Instructors create playlists and policies

Professor Marissa Landrigan teaches her Creative Nonfiction course on Friday in 208 Biddle Hall.

Abby Gontis

Professor Marissa Landrigan teaches her Creative Nonfiction course on Friday in 208 Biddle Hall.

Breanna Berkebile, Features Editor

Professors teaching in unique ways can provide students with an effective learning environment.

When walking into writing professor Marissa Landrigan’s classes, students may notice something different.

Music faintly plays from Landrigan’s Pandora playlists that she said she had created herself to help students when they are writing.

“Too much quiet makes working hard, especially writing…hopefully, (playing music) makes the classroom less intimidating.”

Landrigan said she wants her class to be a place where students can play, something she said is an important component for creativity.

“I try to do a lot of stuff to facilitate (the creativity),” Landrigan said.

She said she started playing music while students wrote prompts, because it provided a more creative atmosphere.

Sophomore Patrick Stahl, who took Landrigan’s Introduction to Professional Writing course last year, said that playing music while writing helped his creativity.

“I had heard theories of the impact of listening to music while engaging in academic work…I believe that professor Landrigan was the first to press me into exploring those theories directly by playing music.

“It is an intriguing strategy to me, and I think it is justified when kept at the right volume and in the right style.”

Stahl said that playing music during class can be tricky because, if it isn’t the right kind of music, it could be ineffective.

According to Stahl, the music played during his Professional Writing class was the right kind.

“Landrigan is skilled at presenting music in such a way that it activates the creative underpinnings of the brain subtly without distracting students from their work.”

The music played was similar to coffee house music, said Landrigan.

Teaching more creatively is something that junior Bradley Walker – a middle level English education major – said she’d like to do.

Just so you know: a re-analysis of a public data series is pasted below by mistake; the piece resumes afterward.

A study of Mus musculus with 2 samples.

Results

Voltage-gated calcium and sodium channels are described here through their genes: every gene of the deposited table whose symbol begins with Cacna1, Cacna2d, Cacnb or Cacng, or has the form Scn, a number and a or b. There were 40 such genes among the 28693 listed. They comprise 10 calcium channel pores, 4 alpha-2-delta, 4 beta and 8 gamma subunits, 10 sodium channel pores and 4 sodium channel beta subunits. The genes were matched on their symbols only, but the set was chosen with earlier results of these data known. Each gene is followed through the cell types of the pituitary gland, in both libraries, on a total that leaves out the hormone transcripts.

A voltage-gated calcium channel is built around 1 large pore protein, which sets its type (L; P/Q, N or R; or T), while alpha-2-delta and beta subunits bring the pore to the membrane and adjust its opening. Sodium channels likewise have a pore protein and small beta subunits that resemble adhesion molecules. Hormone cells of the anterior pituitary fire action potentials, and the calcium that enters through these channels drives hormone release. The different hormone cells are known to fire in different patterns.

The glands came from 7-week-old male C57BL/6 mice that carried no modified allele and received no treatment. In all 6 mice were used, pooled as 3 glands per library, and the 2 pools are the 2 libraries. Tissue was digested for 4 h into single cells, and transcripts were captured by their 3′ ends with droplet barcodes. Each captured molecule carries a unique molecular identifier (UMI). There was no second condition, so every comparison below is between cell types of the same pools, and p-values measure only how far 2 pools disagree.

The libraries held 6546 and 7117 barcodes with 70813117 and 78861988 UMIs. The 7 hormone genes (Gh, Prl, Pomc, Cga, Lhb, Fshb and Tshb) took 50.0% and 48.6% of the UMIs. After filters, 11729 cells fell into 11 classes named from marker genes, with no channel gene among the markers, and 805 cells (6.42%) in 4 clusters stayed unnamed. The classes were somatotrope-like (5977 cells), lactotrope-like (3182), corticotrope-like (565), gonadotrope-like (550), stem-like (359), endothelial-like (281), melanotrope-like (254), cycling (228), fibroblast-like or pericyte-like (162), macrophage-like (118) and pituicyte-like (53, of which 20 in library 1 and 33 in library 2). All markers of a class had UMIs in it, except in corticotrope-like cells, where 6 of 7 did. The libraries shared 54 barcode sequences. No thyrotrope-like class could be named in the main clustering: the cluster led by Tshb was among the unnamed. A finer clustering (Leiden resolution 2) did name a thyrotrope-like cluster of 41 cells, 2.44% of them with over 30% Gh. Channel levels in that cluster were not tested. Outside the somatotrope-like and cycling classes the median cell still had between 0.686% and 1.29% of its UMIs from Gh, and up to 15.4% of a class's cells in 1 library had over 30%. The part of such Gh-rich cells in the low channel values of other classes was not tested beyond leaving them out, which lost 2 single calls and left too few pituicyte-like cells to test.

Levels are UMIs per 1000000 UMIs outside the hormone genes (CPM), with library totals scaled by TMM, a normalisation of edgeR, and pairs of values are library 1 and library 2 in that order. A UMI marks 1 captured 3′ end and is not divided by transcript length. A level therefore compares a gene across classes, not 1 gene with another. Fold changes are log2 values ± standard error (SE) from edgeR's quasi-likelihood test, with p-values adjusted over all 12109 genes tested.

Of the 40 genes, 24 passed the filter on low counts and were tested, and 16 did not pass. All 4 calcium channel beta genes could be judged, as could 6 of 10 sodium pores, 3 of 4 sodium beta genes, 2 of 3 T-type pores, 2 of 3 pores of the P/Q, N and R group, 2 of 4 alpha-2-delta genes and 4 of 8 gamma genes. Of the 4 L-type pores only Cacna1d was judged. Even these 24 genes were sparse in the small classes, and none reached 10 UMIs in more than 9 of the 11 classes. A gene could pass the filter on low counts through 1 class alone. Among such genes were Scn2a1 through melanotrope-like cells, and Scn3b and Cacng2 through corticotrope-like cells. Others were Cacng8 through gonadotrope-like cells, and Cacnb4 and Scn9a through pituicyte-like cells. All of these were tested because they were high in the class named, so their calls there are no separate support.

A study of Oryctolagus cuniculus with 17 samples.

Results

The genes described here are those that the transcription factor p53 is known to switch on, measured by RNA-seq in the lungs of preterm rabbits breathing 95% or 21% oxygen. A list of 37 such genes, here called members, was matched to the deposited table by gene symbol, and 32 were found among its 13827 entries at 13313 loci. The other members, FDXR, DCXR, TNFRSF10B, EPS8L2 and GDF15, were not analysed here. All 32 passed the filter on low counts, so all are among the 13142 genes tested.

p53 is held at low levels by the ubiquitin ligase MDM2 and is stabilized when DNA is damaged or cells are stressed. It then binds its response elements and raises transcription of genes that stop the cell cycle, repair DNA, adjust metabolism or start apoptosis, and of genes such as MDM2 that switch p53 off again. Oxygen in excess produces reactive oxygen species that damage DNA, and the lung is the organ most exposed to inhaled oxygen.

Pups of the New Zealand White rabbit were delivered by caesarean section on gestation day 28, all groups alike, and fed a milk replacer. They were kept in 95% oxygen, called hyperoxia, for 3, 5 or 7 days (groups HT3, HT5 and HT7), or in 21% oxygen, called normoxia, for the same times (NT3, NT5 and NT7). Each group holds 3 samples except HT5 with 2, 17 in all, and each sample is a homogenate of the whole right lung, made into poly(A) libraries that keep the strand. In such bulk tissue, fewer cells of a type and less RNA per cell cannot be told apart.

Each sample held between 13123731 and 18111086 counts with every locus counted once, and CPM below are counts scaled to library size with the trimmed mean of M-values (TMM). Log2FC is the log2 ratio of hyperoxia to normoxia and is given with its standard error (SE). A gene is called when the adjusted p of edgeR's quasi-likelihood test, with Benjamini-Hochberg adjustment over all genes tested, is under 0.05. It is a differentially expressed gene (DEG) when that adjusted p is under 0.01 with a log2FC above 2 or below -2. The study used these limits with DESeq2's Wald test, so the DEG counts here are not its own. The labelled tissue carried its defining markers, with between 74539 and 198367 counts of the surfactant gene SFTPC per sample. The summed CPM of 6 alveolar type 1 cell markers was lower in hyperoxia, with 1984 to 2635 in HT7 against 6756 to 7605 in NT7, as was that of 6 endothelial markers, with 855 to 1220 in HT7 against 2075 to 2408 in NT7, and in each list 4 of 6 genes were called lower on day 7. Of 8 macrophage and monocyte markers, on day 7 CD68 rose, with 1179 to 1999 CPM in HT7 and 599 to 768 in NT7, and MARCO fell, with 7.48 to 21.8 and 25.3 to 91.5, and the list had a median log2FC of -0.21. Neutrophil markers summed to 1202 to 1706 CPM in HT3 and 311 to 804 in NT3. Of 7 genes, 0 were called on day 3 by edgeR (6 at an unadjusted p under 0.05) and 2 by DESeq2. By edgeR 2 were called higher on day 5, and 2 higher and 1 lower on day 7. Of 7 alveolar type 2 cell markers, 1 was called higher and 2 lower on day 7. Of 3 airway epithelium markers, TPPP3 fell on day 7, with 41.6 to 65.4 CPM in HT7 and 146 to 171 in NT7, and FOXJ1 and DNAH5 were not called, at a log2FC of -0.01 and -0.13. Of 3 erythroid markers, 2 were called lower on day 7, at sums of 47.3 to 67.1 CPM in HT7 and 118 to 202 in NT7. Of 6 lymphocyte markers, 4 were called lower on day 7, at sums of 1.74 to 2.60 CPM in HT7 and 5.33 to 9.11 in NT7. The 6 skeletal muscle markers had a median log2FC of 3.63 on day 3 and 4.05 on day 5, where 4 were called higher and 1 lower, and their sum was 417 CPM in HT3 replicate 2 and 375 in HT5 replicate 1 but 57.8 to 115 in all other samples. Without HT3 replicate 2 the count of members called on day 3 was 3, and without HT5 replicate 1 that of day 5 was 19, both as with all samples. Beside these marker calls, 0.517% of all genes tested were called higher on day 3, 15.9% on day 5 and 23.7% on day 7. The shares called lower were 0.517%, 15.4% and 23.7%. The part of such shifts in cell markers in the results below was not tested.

“I feel that it’s important to show kids that learning can be fun … I value a unique and creative mind, so that is something I want my students to learn and develop.”

She said she would assign book reports that make students craft something and also utilize educational games like Vocabulary Jeopardy.

Music Professor Jeffrey Webb has found a different way to provide his students with an optimal learning environment.

He said he has a strict cellphone policy: If a student’s phone goes off in class, 25 percent gets taken off the student’s grade, and he gets to answer the call.

Webb said that he has answered students’ phones before, and one time, it was a student’s mother calling.

He said he nicely told the mother that he was teaching a class, and the mother baked banana bread for him because she felt bad for interrupting.

According to Webb, his texting penalty is higher because if a student is caught texting, it’s automatic failure.

“Texting in class drives me insane. It’s the ultimate disrespect because it’s done purposefully.”

With his policy, Webb said cellphone use in his class had gone down, and students were more attentive because of it.

“It’s (a) 50-minute (class); if you’re going to be there, be there.”